The bodily limitation whereby one part of the body cannot act as another part is totally absent from the Supreme Personality of Godhead. There is no difference between His body and Himself. He is completely spiritual, and therefore there is no difference between His body and His soul. Similarly, He is not different from His millions of incarnations and plenary expansions. Baladeva is the first expansion of Kṛṣṇa, and from Baladeva expand Saṅkarṣaṇa, Vāsudeva, Pradyumna and Aniruddha. From Saṅkarṣaṇa there is an expansion of Nārāyaṇa, and from Nārāyaṇa there is a second quadruple expansion of Saṅkarṣaṇa, Vāsudeva, Pradyumna and Aniruddha. Similarly, there are innumerable other expansions of Kṛṣṇa, but all of them are one. Kṛṣṇa has many incarnations, such as Lord Nṛsiṁha, Lord Boar, Lord Fish and Lord Tortoise, but there is no difference between Kṛṣṇa’s original two-handed form, like that of a human being, and these incarnations of gigantic animal forms. Nor is there any difference between the action of one part of His body and that of another. His hands can act as His legs, His eyes can act as His ears, or His nose can act as another part of His body. Kṛṣṇa’s smelling and eating and hearing are all the same. We limited living entities have to use a particular part of the body for a particular purpose, but there is no such distinction for Kṛṣṇa. In the Brahma-saṁhitā it is said, aṅgāni yasya sakalendriya-vṛttimanti: Kṛṣṇa can perform the activities of one limb with any other limb. So by analytical study of Kṛṣṇa and His person, it is concluded that He is the complete whole. When He meditates, therefore, He meditates on Himself. Self-meditation by ordinary men, designated in Sanskrit as so ’ham, is simply imitation. Kṛṣṇa may meditate on Himself because He is the complete whole, but we cannot imitate Him and meditate on ourselves. Our body is a designation superimposed upon our self, the soul. Kṛṣṇa’s body is not a designation: Kṛṣṇa’s body is also Kṛṣṇa. There is no existence of anything foreign in Kṛṣṇa. Whatever there is in Kṛṣṇa is also Kṛṣṇa. He is therefore the supreme, indestructible, complete existence, or the Supreme Truth.
Kṛṣṇa’s existence is not relative existence. Everything else but Kṛṣṇa is a relative truth, but Kṛṣṇa is the Supreme Absolute Truth. Kṛṣṇa does not depend on anything but Himself for His existence. Our existence, however, is relative. For example, only when there is the light of the sun, the moon or electricity are we able to see. Our seeing, therefore, is relative, and the light of the sun and moon and electricity is also relative; they are called illuminating only because we see them as such. But dependence and relativity do not exist in Kṛṣṇa. His activities are not dependent on anyone else’s appreciation, nor does He depend on anyone else’s help. He is beyond the existence of limited time and space, and because He is transcendental to time and space He cannot be covered by the illusion of māyā, whose activities are limited. In the Vedic literature we find that the Supreme Personality of Godhead has multipotencies. Since all such potencies are emanations from Him, there is no difference between Him and His potencies. Certain philosophers say, however, that when Kṛṣṇa comes He accepts a material body. But even if it is accepted that when He comes to the material world He accepts a material body, it should be concluded also that because the material energy is not different from Him, this body does not act materially. In the Bhagavad-gītā it is said, therefore, that He appears by His own internal potency, ātma-māyā.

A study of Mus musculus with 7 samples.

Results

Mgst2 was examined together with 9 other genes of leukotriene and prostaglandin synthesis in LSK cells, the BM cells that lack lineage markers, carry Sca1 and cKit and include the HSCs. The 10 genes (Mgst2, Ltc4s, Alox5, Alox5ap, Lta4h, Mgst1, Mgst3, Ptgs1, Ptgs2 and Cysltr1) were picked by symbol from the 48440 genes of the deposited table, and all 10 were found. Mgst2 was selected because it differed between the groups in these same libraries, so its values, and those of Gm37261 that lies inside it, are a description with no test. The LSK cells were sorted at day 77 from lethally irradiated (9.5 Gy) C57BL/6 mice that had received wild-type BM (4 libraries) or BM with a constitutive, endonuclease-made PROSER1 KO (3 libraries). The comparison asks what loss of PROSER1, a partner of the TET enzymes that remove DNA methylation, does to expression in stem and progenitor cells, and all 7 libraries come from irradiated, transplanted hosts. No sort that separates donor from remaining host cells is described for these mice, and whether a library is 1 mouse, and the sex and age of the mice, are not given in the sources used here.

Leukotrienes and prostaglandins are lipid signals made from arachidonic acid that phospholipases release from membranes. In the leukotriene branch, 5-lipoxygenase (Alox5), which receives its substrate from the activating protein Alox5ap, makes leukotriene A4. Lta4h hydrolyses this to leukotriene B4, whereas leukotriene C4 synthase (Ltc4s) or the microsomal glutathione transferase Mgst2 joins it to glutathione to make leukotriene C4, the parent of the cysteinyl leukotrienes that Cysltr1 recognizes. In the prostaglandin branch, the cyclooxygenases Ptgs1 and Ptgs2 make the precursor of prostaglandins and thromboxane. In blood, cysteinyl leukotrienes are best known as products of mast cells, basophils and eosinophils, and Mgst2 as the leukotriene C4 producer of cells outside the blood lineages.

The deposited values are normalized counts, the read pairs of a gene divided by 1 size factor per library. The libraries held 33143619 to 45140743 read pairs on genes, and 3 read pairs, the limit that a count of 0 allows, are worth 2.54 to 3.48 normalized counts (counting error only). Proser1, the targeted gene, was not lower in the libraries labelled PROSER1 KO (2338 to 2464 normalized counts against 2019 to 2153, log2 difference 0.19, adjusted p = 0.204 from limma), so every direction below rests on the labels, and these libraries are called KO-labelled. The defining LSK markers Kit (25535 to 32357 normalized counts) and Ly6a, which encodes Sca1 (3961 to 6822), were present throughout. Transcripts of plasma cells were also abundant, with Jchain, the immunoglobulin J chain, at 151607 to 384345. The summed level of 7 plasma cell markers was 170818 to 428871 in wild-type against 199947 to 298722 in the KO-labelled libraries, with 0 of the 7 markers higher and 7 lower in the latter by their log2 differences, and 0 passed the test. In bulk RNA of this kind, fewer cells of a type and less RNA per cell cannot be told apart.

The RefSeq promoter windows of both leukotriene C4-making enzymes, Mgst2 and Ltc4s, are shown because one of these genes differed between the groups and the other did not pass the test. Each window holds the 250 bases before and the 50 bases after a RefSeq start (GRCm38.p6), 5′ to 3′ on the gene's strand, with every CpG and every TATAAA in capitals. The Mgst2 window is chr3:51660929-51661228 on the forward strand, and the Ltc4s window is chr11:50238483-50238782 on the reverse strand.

Kṛṣṇa is called the Supreme Brahman because He is the cause of creation, the cause of maintenance and the cause of dissolution. Lord Brahmā, Lord Viṣṇu and Lord Śiva are different expansions of these material qualities. All these material qualities can act upon the conditioned souls, but there is no such action and reaction upon Kṛṣṇa because these qualities are all simultaneously one with and different from Him. Kṛṣṇa Himself is simply sac-cid-ānanda-vigraha (BS 5.1), the eternal form of bliss and knowledge, and because of His inconceivable greatness, He is called the Supreme Brahman. His meditation on Brahman or Paramātmā or Bhagavān is on Himself only and not on anything else beyond Himself. This meditation cannot be imitated by the ordinary living entity.
After His meditation, the Lord would regularly bathe early in the morning with clear, sanctified water. Then He would change into fresh clothing, cover Himself with a wrapper and engage Himself in His daily religious functions. Out of His many religious duties, the first was to offer oblations into the sacrificial fire and silently chant the Gāyatrī mantra. Lord Kṛṣṇa, as the ideal householder, executed all the religious functions of a householder without deviation. When the sunrise became visible, the Lord would offer specific prayers to the sun-god. The sun-god and other demigods mentioned in the Vedic scriptures are described as different limbs of the body of Lord Kṛṣṇa, and it is the duty of the householder to offer respects to the demigods and great sages, as well as the forefathers.